Michael Rosen Says… is my little corner of the blogosphere. Thank you for taking the time to visit. I invite you to subscribe so that you will receive notification when I update the blog, usually once per week.
Michael Rosen Says… will focus primarily on issues related to civil society. Specifically, I’ll comment on issues related to fundraising, nonprofit management, and philanthropy. From time to time, I’ll also comment on current events, ethics, and business development. My goal is to be informative, helpful, and constructively provocative. In all cases, I encourage your feedback, and hope that you will share your wisdom and insights.
My passion for fundraising and philanthropy began when I was eight years old. You see, I wanted my parents to buy me some comic books. My mother said that she would get me any ‘‘real’’ book I wanted but, if I wanted comic books, I would have to spend my allowance. Well, in those days, an allowance was not an entitlement; I had to earn it by doing household chores. Sadly, I was already at my maximum earning capacity. And, I had no more money for the latest edition of Superman.
Because I simply had to have the latest Superman comic book, I asked my mother if I could sell my old comic books and open up a lemonade stand to generate some quick cash. Fortunately, she granted her permission.
My first entrepreneurial effort was a terrific success. I generated what in today’s dollars would be about $150. As an eight-year-old kid, I was rich! Recognizing that I did not need to buy quite that many comic books, my mother suggested I give half of it away to charity. She further said that, if I agreed with her suggestion, I could pick whatever charity I wanted.
At the time, our local newspaper operated a fund to send ‘‘poor, inner-city’’ kids to summer recreational camp. I grew up in the suburbs. However, my cousin grew up in the big city. I knew how miserable summertime in the city could be for a kid. I knew how good I had it, even with our meager working-class lifestyle. I wanted other kids to enjoy the clean air and open spaces that I enjoyed. So, I took my coffee can with half of my earnings and marched into that local newsroom. The editor was so moved that he had my picture taken and put me on the front page! My little eight-year-old ego swelled. I was inspired for each of the next several summers to run a front-yard fair for that summer camp fund. The only changes were that I gave 100 percent of the revenue to the charity and the event got bigger each year. It even inspired similar efforts in other neighborhoods.
I can trace the roots of both careers I have had in my adult life — journalism and development — back to that little boy’s experience. I learned a great deal about fundraising in those days, especially about what it takes to inspire donors to support a good cause. I also learned how good it feels to be philanthropic.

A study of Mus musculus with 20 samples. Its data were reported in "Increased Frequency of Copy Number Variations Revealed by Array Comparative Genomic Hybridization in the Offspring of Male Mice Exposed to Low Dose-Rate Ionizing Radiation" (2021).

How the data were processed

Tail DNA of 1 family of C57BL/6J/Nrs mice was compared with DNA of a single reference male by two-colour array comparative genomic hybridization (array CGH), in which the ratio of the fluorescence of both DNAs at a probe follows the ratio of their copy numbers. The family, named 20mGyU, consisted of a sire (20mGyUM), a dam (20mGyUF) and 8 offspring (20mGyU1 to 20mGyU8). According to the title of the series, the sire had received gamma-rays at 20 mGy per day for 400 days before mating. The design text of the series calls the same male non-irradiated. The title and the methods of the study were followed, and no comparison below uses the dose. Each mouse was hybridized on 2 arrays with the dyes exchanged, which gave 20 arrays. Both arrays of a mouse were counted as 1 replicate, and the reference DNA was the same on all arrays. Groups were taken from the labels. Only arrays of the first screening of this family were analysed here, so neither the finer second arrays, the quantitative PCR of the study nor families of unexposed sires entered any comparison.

Even at eight years old, I instinctively knew to be donor-centered. Of course, I did not know that was what I was doing. But, I was doing it nevertheless. Throughout my professional fundraising career, I have purposely and routinely adopted a donor-centered orientation. Stephen F. Schatz, CFRE and I successfully employed donor-centered fundraising principles at Temple University in 1980, long before it was popular to do so. We felt compelled to expand and build on the model we created, and so we later co-founded The Development Center (originally known as Telefund Management, Inc.). We achieved our tremendous results, for clients across the nation, by remaining donor-centered.
In my faith tradition, Judaism, we have the precept of tikkun olam, ‘‘repair
the world,’’ which is incumbent upon each of us to incorporate into our everyday lives. Virtually all faiths advocate a similar concept of doing good works and helping those in need. All of us who serve the nonprofit community — whether as staff, volunteers, or donors — are doing something to improve the quality of life, now and into the future. We are repairing the world one small step at a time. Whether our organizations educate, entertain, inspire, heal, provide hope, feed, build, or work in numerous other ways, they make our communities, our country, and our world a better place. Together, I hope we will be able to do more to make a brighter future. Together, let us always work toward achieving increased success in our endeavors to repair the world and to show others a clear path to allow them to do the same. I look forward to the conversation.
Finally, I invite you to click the link to learn more about ML Innovations. You can also click the link to visit The Nonprofit Bookstore (powered by Amazon) to find helpful and inspirational titles, including a list of books recommended by readers.